Artist Fabian Rey Drums Up Support for Austin FC

Painted bombo drum makes for a new Verde tradition

Photo by Michelle Florez / Courtesy of Fabian Rey

Fabian Rey grew up with soccer in his blood, but found as he got older that his talent for playing the game skipped a generation. This year, Rey made his contribution to the sport through his own medium: art.

That contribution, custom-painted, took the field July 1 to celebrate Austin FC's first home win. Alex Ring, that game's MVP, played the drum as a thank you to fans. The drum will continue as a tradition for future victories.

Austin FC supporter group Los Verdes commissioned the piece from Rey, who painted the drum in a week with the help of his son, Gael, drawing inspiration from the city of Austin's "weird" reputation and soccer legends of the past.

Photo by Fabian Rey

"It sounds weird, but it's kind of putting a little bit of my vibe with a little bit of the Austin vibe with a little bit of a soccer vibe," Rey says – a "perfect" amalgam of cultures.

Rey, who was born in Puerto Rico, says soccer has always been a part of his life and family. His father Ricardo grew up playing the sport in Argentina and later became a superfan, never missing a game on TV.

"I was so happy to tell my dad I was doing this," Rey says. "It was a full circle kind of thing."

Rey moved to Austin in 2015 and joined Something Cool Studios, based in an old house in East Austin, which converted rooms into studio spaces for artists. Rey was hardly intimidated by working on a drum: He has previously created unconventional pieces on traffic cones and beer cans. Recently, he painted a mural in South Congress inspired by Australian band AC/DC; it reads: "For those about to rock, Austin salutes you."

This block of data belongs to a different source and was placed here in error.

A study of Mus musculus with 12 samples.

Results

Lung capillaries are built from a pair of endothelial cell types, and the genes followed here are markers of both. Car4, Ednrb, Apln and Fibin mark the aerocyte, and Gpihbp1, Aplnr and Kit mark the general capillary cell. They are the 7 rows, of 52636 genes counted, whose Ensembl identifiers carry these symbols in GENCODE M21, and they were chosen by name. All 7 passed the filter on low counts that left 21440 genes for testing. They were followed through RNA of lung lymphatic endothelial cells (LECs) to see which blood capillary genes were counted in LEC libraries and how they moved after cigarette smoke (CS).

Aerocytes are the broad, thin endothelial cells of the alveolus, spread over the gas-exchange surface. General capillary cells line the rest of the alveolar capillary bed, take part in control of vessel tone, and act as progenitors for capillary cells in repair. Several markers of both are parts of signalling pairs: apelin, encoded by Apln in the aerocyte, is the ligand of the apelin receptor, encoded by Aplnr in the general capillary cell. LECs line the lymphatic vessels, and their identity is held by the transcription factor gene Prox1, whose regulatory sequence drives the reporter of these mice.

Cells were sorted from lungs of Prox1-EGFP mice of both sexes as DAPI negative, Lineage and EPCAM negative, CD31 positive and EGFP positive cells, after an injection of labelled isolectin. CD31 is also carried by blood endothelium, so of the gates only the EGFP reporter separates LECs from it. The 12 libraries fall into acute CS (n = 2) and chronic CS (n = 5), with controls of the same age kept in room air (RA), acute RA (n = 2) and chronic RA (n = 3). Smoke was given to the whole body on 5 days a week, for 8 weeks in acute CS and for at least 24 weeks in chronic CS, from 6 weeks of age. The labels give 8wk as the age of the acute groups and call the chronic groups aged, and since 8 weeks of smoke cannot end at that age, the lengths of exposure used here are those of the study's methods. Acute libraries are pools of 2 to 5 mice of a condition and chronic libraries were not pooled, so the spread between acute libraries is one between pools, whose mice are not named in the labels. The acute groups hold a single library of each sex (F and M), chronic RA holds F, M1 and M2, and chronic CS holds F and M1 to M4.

Rey channeled his love for the city of Austin into the bombo as well, and combined it with moments representing the history of soccer.

The inside of the drum depicts a player modeled after "The Matador" – aka Luis Hernández, the soccer star from Mexico. Rey says in his mind, he is the ultimate "man of the match," or MVP.

A hand over the player's head reads "Mano de Dios," or hand of God; that's in reference to the 1986 soccer match in which Argentina triumphed over Britain through a goal that seemed to bounce off soccer player Diego Maradona's hand into the net. With the infraction unseen by the refs, the point was counted.

Photo by Fabian Rey

"It's like [saying], 'We will thrive,'" Rey explains. "It doesn't matter what we do on the court, we will win. ... We've got God on our side."

Rey says he featured a variety of popular Spanish phrases on the drum to celebrate the Mexican influence in Austin and the region's importance to the game of soccer. While Rey fears some of Austin has become too corporate, he still finds hope in the city's culture and community. "I believe that Mexico makes this place even better," Rey says. "Spanish speaking people make Texas even cooler."

Rey finished off the outside of the drum with the phrase "Pa'lante Austin." Rey says the phrase is Puerto Rican slang: "When things are bad, you have to look forward. You cannot look back."